Women at the tables of power leads to more sustainable peace


From September 29 to October 2nd we participated in an exchange between U.S. state legislators and women parliamentarians from Egypt, Morocco, Afghanistan and Pakistan as part of the Women’s Leadership Conference, “Women at the Tables of Power,” in Washington, DC. Through our dialogues we came to understand that as combatants increasingly target civilians as a war strategy, women and children are routinely victimized. In the first four months of this year alone, instability and impunity in war-torn Afghanistan resulted in over 2,500 cases of violence against women. Of the more than 1.6 million Syrians that have registered as refugees with the United Nations High Commission on Refugees, three quarters are women and children.

Here in Minnesota, as legislative leaders Torres Ray and Pappas regularly negotiate to resolve conflicts between competing groups , but our conflict challenges pale in comparison to what our sisters in the Middle East and Asia must do. Our Syrian sisters have organized workshops and trainings on negotiation and peace-building in preparation for their participation in the transition from conflict to stability. And Afghan women leaders of organizations like the Revolutionary Association of the Women of Afghanistan (RAWA) are pushing to have their voices heard during the transition process following U.S. troop withdrawal.

Passed in 2000, United Nations Security Council Resolution 1325 on Women, Peace, and Security (UN SCR 1325) marked the first leap forward for women’s issues in conflict areas by acknowledging the impact of war on women and the importance of women’s role in achieving sustainable peace. UN SCR 1325 declares that “an understanding of the impact of armed conflict on women and girls, effective institutional arrangements to guarantee their protection, and full participation in the peace process can significantly contribute to the maintenance and promotion of international peace and security.”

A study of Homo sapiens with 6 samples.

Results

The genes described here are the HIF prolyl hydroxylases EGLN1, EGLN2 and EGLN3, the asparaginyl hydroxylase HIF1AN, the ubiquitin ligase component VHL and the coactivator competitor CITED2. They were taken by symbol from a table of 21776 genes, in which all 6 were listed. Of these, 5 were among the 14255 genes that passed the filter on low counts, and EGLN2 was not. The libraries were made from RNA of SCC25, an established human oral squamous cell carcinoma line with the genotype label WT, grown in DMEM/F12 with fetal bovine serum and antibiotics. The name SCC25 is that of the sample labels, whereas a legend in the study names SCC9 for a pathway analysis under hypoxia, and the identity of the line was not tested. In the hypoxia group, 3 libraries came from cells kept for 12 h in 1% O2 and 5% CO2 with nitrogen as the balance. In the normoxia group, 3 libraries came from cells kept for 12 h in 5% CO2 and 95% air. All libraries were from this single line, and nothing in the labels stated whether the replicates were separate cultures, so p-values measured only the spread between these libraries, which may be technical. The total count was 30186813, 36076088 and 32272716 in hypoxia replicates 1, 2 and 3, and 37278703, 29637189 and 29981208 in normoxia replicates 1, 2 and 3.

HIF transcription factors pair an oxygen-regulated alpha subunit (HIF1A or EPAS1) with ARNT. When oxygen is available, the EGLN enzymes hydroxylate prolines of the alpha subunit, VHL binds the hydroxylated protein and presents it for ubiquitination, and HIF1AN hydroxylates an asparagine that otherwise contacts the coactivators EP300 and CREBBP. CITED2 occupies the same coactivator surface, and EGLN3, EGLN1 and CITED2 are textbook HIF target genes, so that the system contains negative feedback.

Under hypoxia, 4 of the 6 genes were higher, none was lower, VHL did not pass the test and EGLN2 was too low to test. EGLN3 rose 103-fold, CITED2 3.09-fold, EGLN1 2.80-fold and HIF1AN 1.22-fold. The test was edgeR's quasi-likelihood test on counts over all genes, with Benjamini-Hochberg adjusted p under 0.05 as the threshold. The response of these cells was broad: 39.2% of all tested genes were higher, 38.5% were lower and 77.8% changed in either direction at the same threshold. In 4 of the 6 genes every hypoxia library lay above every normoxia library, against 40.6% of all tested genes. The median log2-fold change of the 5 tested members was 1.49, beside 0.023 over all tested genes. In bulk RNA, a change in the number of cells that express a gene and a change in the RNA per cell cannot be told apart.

In December 2011 President Obama signed the Executive Order making the U.S. National Action Plan (U.S. NAP) on Women, Peace, and Security official administrative policy. Drawn from UN SCR 1325 the U.S. NAP requires women to be included at the negotiation table, acknowledges that women’s experience with conflict gives them a unique and valuable perspective essential to peace building, and that women policy makers can provide insight into the particular needs of women during times of both war and peace.

The U.S. NAP has leveraged attention to women in conflict affected areas and their unique capacity to change the way peace is made. As an administrative policy, the U.S. NAP will last only as long as the current administration. Introduced to the House of Representatives in July, and soon to be introduced in the U.S. Senate, the Women, Peace, and Security Act of 2013 (WPS Act) will codify this NAP and ensure its continuation beyond the Obama administration. The U.S. NAP reminds us that when women participate in matters of security, they “enlarge the scope of agreements to include the broader set of critical societal priorities and needs required for lasting and just peace.” By passing the WPS Act, the U.S. would also set an important international precedent regarding the international women peace and security agenda.

Patricia Torres Ray is a Minnesota State Senator and a state director for the Women Legislators’ Lobby (WiLL). Sandra Pappas is Minnesota Senate President and Vice President of the Women Legislators Lobby. WiLL is a program of Women’s Action for New Directions (WAND).